The history of Kuala Lumpur would not be the same without the emergence of Petaling Street, a street that continues to thrive on various trades, and bring together diverse communities.
Today, Kuala Lumpur's famous Petaling Street or known in Cantonese as Chee Cheong Kai is recognised as a popular place for the trading of counterfeit goods, a description that hardly justifies its vibrant past.
Petaling Street is Malaysia's Chinatown, a place where early settlers came to Kuala Lumpur in pursuit of wealth from the booming tin mining industry in the 1800s. Most of the settlers were Hakka and Cantonese, and led a steady migration of Chinese communities into the city.
The might and fight between clans
These communities were under the control of clan heads, also known as Kapitan or captains. Malaysia's famous Kapitan Yap Ah Loy was from the Hakka Community and played a central role in developing Kuala Lumpur.
Chinatown's origins centred on market square and along Jalan Tun H.S Lee, formerly known as High Street due to its higher grounds. This strip became a popular place for settlements because it was less prone to floods.
The rivalry between the Hakka and Cantonese clans led to a civil war breaking out in 1870 over the control of tin and related trade. The fighting was so intense, it halted tin mine production altogether. The British administration was forced to intervene, marking its first such involvement in local politics.
The war led to the destruction of many buildings as well as abandonment of several mines.
When miners couldn't work in flooded mines, Yap Ah Loy convinced them to remain in Kuala Lumpur, to refocus their skills on the agriculture sector.
Yap also set up a tapioca mill in this area to ground tubers from his farms, giving it its name, Chee Cheong Kai, which means starch factory street.
Heritage stays alive
Chinatown was home to tradesmen, farmers and miners and also bustling restaurants and arts groups.
The famous restaurant Yook Woo Hin was built in 1928 and still serves up dim sum to hungry locals and travellers.
The oldest Chinese opera clubs in Kuala Lumpur, Yan Keng Benevolent Dramatic Association was formed in 1920 , to raise money for charity.
The proceeds raised from performances were donated to hospitals, senior citizens' homes and schools. But, with membership decreasing, part of the building had to be sub-let to generate income.
Another historic building is the Kwong Fook Wing Tailor shop which still keeps its 60-year-old facade.
Unfazed by development, these buildings remain as icons for Petaling Street, an attraction to history buffs and travellers.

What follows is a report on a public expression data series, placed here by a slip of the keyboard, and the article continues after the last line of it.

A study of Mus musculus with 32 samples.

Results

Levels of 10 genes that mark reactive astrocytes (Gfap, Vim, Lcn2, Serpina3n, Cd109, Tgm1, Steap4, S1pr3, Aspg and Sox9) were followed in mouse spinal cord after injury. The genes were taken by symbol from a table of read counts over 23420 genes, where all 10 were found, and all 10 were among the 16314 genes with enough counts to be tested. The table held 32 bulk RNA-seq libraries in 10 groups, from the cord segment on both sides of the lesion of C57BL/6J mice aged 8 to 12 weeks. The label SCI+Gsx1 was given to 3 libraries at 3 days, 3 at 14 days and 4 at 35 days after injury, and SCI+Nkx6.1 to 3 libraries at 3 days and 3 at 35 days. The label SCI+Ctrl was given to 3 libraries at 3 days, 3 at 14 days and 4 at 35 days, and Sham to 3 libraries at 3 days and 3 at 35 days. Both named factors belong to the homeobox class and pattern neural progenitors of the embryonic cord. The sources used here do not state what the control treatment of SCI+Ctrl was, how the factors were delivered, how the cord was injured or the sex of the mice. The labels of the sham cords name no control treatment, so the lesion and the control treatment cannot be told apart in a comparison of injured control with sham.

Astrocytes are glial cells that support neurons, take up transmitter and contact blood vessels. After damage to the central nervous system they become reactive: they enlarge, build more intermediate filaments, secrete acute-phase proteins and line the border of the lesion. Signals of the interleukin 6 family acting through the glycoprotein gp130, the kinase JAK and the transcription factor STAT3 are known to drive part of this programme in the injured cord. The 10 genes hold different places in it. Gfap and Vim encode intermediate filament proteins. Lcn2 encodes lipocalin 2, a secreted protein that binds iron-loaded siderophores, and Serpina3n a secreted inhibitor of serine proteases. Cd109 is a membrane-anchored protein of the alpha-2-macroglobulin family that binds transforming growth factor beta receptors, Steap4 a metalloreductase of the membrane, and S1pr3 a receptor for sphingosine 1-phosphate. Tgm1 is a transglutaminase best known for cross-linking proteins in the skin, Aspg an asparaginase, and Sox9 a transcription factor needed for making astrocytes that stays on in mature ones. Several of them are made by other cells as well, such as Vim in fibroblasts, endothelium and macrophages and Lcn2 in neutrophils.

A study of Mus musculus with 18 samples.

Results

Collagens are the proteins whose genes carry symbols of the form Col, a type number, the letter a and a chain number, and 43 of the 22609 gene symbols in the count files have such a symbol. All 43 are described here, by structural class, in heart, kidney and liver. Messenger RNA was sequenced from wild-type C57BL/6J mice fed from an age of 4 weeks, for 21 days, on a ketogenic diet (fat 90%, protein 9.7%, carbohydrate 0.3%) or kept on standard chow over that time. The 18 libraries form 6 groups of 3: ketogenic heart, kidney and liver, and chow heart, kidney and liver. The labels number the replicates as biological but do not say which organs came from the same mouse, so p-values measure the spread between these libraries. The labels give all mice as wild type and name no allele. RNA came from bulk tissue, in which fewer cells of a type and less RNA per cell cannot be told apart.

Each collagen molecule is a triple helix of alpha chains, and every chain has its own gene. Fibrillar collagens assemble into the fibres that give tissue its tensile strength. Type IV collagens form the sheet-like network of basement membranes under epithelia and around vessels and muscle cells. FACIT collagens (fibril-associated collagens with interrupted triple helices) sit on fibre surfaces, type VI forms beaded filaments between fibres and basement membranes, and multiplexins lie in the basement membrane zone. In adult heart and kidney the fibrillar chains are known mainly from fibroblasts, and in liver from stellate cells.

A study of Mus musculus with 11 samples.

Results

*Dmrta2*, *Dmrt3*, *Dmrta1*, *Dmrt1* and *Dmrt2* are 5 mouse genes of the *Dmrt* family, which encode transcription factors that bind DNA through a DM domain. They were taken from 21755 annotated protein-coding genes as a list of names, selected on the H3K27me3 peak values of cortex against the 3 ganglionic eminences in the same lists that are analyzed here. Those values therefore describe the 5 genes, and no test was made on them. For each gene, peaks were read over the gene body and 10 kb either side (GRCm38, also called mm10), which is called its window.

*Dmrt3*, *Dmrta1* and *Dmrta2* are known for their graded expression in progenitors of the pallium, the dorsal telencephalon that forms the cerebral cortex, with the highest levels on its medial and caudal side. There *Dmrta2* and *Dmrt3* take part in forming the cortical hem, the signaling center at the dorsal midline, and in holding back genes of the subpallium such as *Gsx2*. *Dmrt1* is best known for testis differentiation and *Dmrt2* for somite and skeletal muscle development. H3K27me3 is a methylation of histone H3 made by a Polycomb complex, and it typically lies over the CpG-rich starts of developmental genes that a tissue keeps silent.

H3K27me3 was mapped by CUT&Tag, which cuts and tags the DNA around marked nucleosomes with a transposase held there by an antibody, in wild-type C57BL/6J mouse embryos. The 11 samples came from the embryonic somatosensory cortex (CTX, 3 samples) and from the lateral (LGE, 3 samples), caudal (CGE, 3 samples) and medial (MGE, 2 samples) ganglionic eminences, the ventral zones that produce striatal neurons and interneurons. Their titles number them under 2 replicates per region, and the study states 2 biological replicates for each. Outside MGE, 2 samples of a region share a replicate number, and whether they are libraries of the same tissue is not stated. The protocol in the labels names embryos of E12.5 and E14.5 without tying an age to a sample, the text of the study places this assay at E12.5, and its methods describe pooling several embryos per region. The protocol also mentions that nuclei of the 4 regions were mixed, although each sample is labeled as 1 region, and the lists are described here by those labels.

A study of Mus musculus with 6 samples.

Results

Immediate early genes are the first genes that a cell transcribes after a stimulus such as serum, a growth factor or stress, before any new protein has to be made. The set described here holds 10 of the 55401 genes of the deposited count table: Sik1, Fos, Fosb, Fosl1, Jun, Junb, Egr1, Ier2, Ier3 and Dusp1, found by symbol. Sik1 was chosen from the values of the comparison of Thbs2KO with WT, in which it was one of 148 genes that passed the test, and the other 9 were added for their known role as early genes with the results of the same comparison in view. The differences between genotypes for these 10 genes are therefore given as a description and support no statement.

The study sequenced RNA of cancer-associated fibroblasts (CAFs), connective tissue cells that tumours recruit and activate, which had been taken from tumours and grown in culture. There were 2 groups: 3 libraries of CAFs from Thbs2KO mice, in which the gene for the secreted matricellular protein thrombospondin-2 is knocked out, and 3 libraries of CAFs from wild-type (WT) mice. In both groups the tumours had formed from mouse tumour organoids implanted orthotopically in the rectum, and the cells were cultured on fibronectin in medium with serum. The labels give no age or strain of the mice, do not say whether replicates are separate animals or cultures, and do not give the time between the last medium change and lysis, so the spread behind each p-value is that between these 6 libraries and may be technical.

While Chinatown is known as the area of convergence of Chinese communities in the early 18th century, multi-cultural practices are well accepted and tolerated in the area.
For instance, the country's oldest functioning Hindu temple is located on Petaling Street, founded by prominent businessman K. Thamboosamy Pillai in 1873.
Built in the South Indian style, the place of worship was moved to Jalan Tun. H.S. Lee from the former Kuala Lumpur Railway Station.
Kapitan Yap himself built the Sin Sze Ya Temple in 1864, dedicated to patron deities of Sin Sze Ya and Si Sze Ya. The Chinese headman believed the deities had helped him to defend the city from enemies during the civil war.
Other storied versions of the origins of the temple point out that it was built to honour Kapitan Shin Kap of Sungai Ujong, a headman that Yap worked for before moving to Kuala Lumpur.
Fast forward to the 21st century and you find Petaling Street receiving a RM11.3million facelift. In 2003, two large Chinese arches were constructed at both ends of the street, as a welcoming sign for visitors. A massive roof cover was built along the street. Its green appearance gave the street's nickname, “The Green Dragon”.
With the street closed off to motorists, visitors to Petaling Street have easier access to the many stalls set up along the road. Shopping on Petaling Street is similar to shopping in any Malaysian market, where visitors master the art of haggling for lower prices and bargaining for discounts.
Petaling Street's popularity with tourists and locals is perhaps helped by the ease with which to get there. The street is located a stones' throw away from a light rail transit station and Puduraya.
A new public transport project, the Mass Rapid Transit (MRT) project is likely to pass through the area, which had led to tough negotiations over land acquisition and preservation of heritage buildings.
The street has gone through a turbulent past, and is set to witness an eventful future, but one thing is certain: visitors to Petaling Street will have plenty to experience in this lively area.